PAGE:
Entering his 40th season as commissioner of the Ontario Hockey League, David Branch chatted with Junior Hockey Magazine about some recent major changes, including a new face of the CHL, how the league is interacting with fans in the digital age, the league’s invaluable scholarship program, as well as the CHL’s continued success in supplying pro-level talent:
Junior Hockey Magazine: This is a big transition for you. You were the President of the CHL since 1996, but in July, Dan MacKenzie was named the first full-time president of the CHL because you’ve also got your duties with the OHL. Give a sense of what went on behind that transition.
David Branch: It’s something that I on a personal front was trying to advance for a few years, quite frankly. The timing just seemed right to move forward and have the first full-time president of the CHL. The CHL has grown and evolved over the years and it was just taking up so much more added time, and we needed someone who could focus entirely on the CHL with their time and energy, with some new ideas. Dan MacKenzie brings that with 15 years with the NBA and other elements to his wherewithal. He’s going to really help us to continue to grow and help our players enjoy the finest experience possible.
JHM: How important is the whole new digital aspect of technology to the CHL moving forward in terms of how fans get their highlights, how they get that information?
DB: We all recognize what social media means today. On a positive front, we are announcing and launching our first-ever CHL app in the middle of this month. That’s an exciting piece for all of our teams and we’re very much looking forward to it. When you look at how we communicate today with our fans and in trying to engage new fans, there is no better way than through Twitter, Facebook, Instagram. It’s the quickest, most efficient way for us to tell our story in a creative fashion. We’ve got just now over 300,000 Twitter followers, as an example, and we’re continuing to expand and grow that. That’s a huge piece. It’s also an area we’re working to educate our players on social media. As we know, there are some pitfalls, so we’re trying to educate them, our coaches, our managers, and everyone involved in our league. It’s a whole new age, it’s an exciting time, and I’m very fortunate that we’ve got some great young people leading the charge in that area on our behalf.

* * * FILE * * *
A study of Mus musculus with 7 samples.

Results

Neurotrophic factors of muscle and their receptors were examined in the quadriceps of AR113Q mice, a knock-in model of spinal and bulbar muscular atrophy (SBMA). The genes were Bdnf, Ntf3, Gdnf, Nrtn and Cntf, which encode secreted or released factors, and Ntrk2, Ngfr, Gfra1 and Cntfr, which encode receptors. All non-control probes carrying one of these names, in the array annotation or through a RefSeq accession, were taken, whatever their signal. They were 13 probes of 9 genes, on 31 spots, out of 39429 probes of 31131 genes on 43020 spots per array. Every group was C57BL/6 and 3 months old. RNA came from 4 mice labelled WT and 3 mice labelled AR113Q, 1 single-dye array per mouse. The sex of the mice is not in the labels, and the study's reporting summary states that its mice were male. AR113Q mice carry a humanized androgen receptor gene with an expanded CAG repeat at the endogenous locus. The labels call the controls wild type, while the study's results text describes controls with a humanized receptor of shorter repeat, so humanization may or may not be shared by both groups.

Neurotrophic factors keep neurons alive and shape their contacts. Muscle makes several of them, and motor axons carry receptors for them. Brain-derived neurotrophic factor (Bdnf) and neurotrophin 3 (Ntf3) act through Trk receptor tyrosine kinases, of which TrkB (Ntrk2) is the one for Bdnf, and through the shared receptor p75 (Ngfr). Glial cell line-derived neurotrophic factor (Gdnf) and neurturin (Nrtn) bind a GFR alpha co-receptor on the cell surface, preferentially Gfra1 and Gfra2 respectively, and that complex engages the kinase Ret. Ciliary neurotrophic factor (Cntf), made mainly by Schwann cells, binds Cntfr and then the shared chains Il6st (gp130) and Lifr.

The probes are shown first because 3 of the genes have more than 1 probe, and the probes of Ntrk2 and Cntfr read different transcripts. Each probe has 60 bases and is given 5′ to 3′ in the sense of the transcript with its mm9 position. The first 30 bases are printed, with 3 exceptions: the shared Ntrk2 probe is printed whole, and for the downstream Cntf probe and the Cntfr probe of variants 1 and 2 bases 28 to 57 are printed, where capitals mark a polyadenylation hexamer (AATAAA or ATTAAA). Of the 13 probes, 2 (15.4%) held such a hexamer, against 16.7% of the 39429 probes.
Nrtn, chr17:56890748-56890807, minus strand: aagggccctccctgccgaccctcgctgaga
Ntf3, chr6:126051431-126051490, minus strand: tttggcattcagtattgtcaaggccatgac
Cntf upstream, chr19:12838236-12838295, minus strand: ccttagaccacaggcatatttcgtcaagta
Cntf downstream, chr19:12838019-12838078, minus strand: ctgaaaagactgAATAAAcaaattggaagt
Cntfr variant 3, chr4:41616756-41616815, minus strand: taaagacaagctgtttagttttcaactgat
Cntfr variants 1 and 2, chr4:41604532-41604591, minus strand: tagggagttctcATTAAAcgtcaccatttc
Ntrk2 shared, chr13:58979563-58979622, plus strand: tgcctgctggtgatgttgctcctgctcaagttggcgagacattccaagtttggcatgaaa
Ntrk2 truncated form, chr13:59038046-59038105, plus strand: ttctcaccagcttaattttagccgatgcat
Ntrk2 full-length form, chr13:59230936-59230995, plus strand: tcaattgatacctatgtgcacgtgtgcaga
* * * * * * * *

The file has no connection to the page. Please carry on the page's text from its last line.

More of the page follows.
JHM: How important was it to use this kind of a platform to inform people of the options when you play major junior in this country that education is still a very real possibility?
DB: It’s huge. For years and years, the attitude was that if you played junior hockey, you didn’t go to school or you couldn’t get your education. Through a lot of work from a lot of people right across the country, that has changed. We’ve been working now for the last 20-plus years to not only grow our education platform, but also tell the stories so people have a better perspective of who we are and what we are. Last year, over $10 million was given by our owners, our teams to support the scholarship program for the players who had graduated to USPORTS. Some players go to university and choose not to continue on with hockey for whatever reason. It’s a big part of who we are today. It’s so important to the most important people in the game – and that’s the players.
JHM: The CHL is the biggest feeder of NHL players. There are 339 CHL alumni playing in the NHL this season. That’s almost half of all of the NHLers. How proud are you that you’re still the biggest feeder of NHL talent?
DB: Very proud. The great thing is there is competition out there. When you look at the growth of junior hockey in Sweden, Finland, continued expansion in Russia, the U.S. has taken up our game and played extremely well – competition makes you better. To continue to be the No. 1 supplier of talent to the NHL is huge, and we’re working diligently to increase and expand programs to allow for the development of the needs of our players both on and off the ice.
Listen to David Branch’s full interview with Junior Hockey Magazine here.